Had quite a packed weekly show on Trib Live Radio Wednesday morning. We had three guests – Penn State beat writer Ben Jones of StateCollege.com, Rutgers beat writer Ryan Dunleavy of the Asbury Park Press and MyCentralJersey.com and former Penn State offensive tackle and West Mifflin native Adam Gress.
Highlights from Dunleavy – as a native New Jerseyan and a Rutgers alum who has covered the Scarlet Knights for about 10 seasons now – include perspective on just how big a game this is for the Rutgers program and community:
- “For the Rutgers fan, it’s their Super Bowl. For the Rutgers player, this is certainly more than just one game.”
- “Interest is at an all-time high in Rutgers football.”
- “I’d love to see this become a rivalry… but we all know, Rutgers has to win a game for this to become a rivalry.”
- Relating the story of a player who, responding to NJ native Bill Belton’s comments that suggest that he believes Rutgers is not “big time”, said, “I’m so glad we get to play Penn State. What an opportunity to play big-time football.”
Jones, whose work covering Penn State predates the Jerry Sandusky scandal, offered some perspectives about what emerging from the sanctions means, and also what Saturday’s game might mean for Penn State:
- “To go into Rutgers’ stadium and beat them…especially coming out of the sanctions in the first game is def big for the program, not only on the recruiting front but on the getting-things-started-on-the-right-foot getting out of the sanctions.”
- “I don’t think anyone, myself included, expected (the sanctions-saddled seasons) to go this well… They came away with victories that would have been big wins during any season – and to be able to do that in the circumstances they were in, I don’t think anyone could have expected to go as well as it has.”
To me, the most fascinating part of the show was Gress, who was about to begin preseason camp for his redshirt junior season when the NCAA dropped its hammer in the form of historic sanctions. Gress told the story of the Penn State players watching television, en masse in the Lasch Building, when the NCAA sanctions were announced. And he gave his point of view of not only why he stayed but why the vast majority of his teammates stayed at Penn State.
- “At first, right after they announced the sanctions, everyone just kind of stood there, not sure what to say. We all just kind of looked around the room, and you could some guys… everyone was starting to think, ‘Oh man, is this it? Are we screwed?’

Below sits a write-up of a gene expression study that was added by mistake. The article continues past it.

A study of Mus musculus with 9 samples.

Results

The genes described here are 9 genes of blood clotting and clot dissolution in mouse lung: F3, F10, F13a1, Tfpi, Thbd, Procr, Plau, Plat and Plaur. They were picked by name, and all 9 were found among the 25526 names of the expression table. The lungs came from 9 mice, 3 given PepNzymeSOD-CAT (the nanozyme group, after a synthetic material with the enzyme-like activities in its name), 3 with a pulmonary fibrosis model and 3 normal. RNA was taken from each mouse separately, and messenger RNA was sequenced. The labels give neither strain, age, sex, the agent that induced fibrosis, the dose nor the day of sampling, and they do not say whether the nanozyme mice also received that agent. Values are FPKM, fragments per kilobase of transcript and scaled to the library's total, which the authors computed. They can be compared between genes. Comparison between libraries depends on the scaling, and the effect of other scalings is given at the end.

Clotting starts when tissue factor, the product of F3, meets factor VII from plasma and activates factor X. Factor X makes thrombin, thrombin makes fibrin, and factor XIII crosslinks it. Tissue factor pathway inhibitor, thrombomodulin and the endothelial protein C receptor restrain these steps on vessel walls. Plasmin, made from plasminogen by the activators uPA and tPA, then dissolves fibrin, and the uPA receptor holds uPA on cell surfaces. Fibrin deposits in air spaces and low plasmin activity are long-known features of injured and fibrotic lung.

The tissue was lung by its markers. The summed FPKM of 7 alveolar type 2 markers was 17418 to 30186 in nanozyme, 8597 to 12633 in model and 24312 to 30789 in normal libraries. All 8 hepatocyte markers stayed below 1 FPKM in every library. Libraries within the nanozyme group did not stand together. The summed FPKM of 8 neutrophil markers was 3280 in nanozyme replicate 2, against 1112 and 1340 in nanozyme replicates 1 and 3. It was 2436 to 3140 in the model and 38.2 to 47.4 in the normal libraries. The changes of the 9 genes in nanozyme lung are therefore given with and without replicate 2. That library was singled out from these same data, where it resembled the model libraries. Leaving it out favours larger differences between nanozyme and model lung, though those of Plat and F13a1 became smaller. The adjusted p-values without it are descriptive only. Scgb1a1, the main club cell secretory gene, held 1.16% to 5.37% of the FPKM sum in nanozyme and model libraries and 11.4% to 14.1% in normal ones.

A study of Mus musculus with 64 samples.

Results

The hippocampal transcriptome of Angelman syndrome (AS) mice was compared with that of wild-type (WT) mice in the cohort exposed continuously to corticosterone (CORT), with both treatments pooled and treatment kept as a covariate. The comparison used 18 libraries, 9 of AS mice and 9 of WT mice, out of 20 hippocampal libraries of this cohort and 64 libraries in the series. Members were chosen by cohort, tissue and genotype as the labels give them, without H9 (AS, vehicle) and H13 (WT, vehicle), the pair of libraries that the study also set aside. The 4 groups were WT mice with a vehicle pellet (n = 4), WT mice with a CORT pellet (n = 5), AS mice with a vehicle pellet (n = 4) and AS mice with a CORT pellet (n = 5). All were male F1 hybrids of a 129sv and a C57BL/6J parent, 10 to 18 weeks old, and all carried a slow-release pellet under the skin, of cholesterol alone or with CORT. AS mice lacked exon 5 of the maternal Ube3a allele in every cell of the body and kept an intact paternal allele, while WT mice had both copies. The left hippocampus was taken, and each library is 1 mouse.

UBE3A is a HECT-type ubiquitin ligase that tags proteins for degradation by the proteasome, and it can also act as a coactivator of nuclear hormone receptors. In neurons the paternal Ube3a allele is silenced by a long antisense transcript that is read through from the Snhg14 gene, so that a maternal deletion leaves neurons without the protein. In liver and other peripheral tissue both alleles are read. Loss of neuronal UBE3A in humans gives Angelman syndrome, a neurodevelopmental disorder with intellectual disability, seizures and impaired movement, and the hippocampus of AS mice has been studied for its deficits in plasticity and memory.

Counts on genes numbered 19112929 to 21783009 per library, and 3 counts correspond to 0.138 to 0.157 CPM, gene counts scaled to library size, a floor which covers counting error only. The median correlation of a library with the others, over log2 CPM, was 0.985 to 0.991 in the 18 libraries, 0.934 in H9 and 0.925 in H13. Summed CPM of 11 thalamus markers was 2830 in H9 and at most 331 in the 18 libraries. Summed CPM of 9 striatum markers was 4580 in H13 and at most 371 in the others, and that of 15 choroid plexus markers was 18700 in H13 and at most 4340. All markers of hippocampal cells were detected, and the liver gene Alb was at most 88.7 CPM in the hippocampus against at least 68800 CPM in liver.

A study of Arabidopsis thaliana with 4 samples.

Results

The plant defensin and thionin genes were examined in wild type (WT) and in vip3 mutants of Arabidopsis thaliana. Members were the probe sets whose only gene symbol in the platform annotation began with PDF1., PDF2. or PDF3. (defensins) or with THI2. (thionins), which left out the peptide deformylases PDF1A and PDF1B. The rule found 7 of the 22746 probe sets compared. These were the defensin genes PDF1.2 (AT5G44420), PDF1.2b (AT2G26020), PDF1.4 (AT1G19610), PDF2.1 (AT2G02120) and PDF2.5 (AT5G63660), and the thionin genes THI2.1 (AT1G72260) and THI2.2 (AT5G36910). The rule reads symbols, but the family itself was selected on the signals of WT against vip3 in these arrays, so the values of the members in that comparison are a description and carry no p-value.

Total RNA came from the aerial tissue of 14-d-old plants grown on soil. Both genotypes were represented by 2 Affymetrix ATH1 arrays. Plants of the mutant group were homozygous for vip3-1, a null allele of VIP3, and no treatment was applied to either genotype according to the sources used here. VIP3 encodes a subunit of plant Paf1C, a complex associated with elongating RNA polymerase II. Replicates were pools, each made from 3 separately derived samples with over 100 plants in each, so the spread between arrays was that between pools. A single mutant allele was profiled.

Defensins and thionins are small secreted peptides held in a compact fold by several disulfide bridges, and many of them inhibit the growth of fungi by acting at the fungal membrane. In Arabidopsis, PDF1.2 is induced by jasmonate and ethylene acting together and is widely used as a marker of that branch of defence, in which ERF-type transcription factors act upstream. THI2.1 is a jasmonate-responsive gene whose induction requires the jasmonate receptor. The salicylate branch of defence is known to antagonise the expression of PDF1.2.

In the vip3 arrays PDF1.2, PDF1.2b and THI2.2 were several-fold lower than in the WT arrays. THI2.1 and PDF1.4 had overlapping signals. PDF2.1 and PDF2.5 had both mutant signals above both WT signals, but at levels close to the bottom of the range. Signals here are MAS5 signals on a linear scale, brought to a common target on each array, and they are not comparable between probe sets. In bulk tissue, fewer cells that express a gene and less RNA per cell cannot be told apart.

- But it wasn’t long after that, I remember I was sitting in my locker stall and (Michael) Mauti came walking up, and he was like, ‘Hey, Gress, let’s go,’ and I was like, ‘What are we—‘ and he was like, ‘Let’s go, come on. We’re all going.’ So I just kinda got up and rolled with those guys. And that was when we went out and we made the (public commitment) video. And everybody there that day decided, ‘We’re not going to let what happened tear us apart. We’re not going to let it bring down the program the way it is intended to”
- “When that (NCAA sanctions announcement) did happen, it was a punch to the gut. And we had training camp coming up very shortly, and I almost feel like it was released at that time intentionally to kind of throw us all of. But at the end of the day, I think instead of knocking us down, it make is all stronger.”
- (On his time at Penn State) “At the time we were so caught with everything that was going on and the emotions of it all that you didn’t really think of it –you just kind of rolled with the punches. But now that I’ve looked back, it really is incredible what we went through, and it’s more incredible how we fought back and how we came together as a team and how we stuck together and just persevered and we went out and… didn’t miss a beat because of the sanctions.”